The research, led by Emma Glennon from Cambridge’s Department of Veterinary Medicine, is the first to estimate the number of undetected Ebola outbreaks. Although these tend to involve clusters of fewer than five people, they could represent well over one hundred patient cases in total.
Glennon, a Gates Cambridge Scholar, says: “Most times that Ebola has jumped from wildlife to people, this spillover event hasn’t been detected. Often these initial cases don’t infect anyone else but being able to find and control them locally is crucial because you never know which of these events will grow into full outbreaks.”
“We rarely find Ebola outbreaks while they are still easy to manage. The unfolding epidemic in the DRC
demonstrates how difficult it is to stop the disease once it has got out of control, even with international intervention. But if an outbreak is detected early enough, we can prevent it spreading with targeted, low-tech interventions, such as isolating infected people and their contacts.”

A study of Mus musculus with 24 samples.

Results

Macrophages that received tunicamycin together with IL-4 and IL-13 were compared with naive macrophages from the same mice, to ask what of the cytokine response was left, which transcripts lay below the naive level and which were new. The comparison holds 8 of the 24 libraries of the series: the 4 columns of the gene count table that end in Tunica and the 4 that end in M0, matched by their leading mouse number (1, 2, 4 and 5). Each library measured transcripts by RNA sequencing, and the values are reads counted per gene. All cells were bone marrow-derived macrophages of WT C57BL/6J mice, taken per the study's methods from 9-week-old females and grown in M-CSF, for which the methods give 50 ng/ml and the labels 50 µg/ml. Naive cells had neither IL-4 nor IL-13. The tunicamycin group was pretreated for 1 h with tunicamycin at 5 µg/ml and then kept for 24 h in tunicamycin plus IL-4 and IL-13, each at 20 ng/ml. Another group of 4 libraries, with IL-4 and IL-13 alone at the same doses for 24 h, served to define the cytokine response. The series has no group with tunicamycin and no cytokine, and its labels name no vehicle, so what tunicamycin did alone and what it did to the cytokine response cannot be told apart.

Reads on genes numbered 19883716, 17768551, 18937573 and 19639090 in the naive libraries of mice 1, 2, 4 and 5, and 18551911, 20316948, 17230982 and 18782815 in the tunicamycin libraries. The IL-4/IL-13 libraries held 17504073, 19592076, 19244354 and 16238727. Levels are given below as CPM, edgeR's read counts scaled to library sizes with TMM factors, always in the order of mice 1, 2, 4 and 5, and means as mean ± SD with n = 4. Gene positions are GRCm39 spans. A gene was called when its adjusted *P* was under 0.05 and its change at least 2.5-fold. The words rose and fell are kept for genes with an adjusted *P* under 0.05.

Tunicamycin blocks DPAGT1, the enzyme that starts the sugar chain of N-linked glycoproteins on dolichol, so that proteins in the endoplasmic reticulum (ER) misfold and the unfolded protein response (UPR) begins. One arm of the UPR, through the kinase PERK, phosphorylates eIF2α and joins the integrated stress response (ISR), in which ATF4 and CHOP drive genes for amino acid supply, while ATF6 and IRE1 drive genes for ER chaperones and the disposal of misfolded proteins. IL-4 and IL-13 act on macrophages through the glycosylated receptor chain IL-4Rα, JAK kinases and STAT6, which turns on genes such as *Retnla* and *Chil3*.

The scientists used three independent datasets from the 2013-16 Ebola epidemic in West Africa to simulate thousands of outbreaks. From these simulations, they worked out how often they would expect a spillover event to fizzle out early versus how often they would expect to see it progress into a true outbreak. This allowed the team to draw comparisons with reported outbreak sizes and estimate detection rates of clusters of different sizes.
Glennon says: “Most doctors and public health workers have never seen a single Ebola case and severe fever can easily be misdiagnosed as the symptom of malaria, typhoid or yellow fever. To limit outbreaks at their source, we need to invest much more to increase local capacity to diagnose and contain Ebola and these more common fevers.
“We must make sure every local clinic has basic public health and infection control resources. International outbreak responses are important but they are often slow, complicated and expensive.”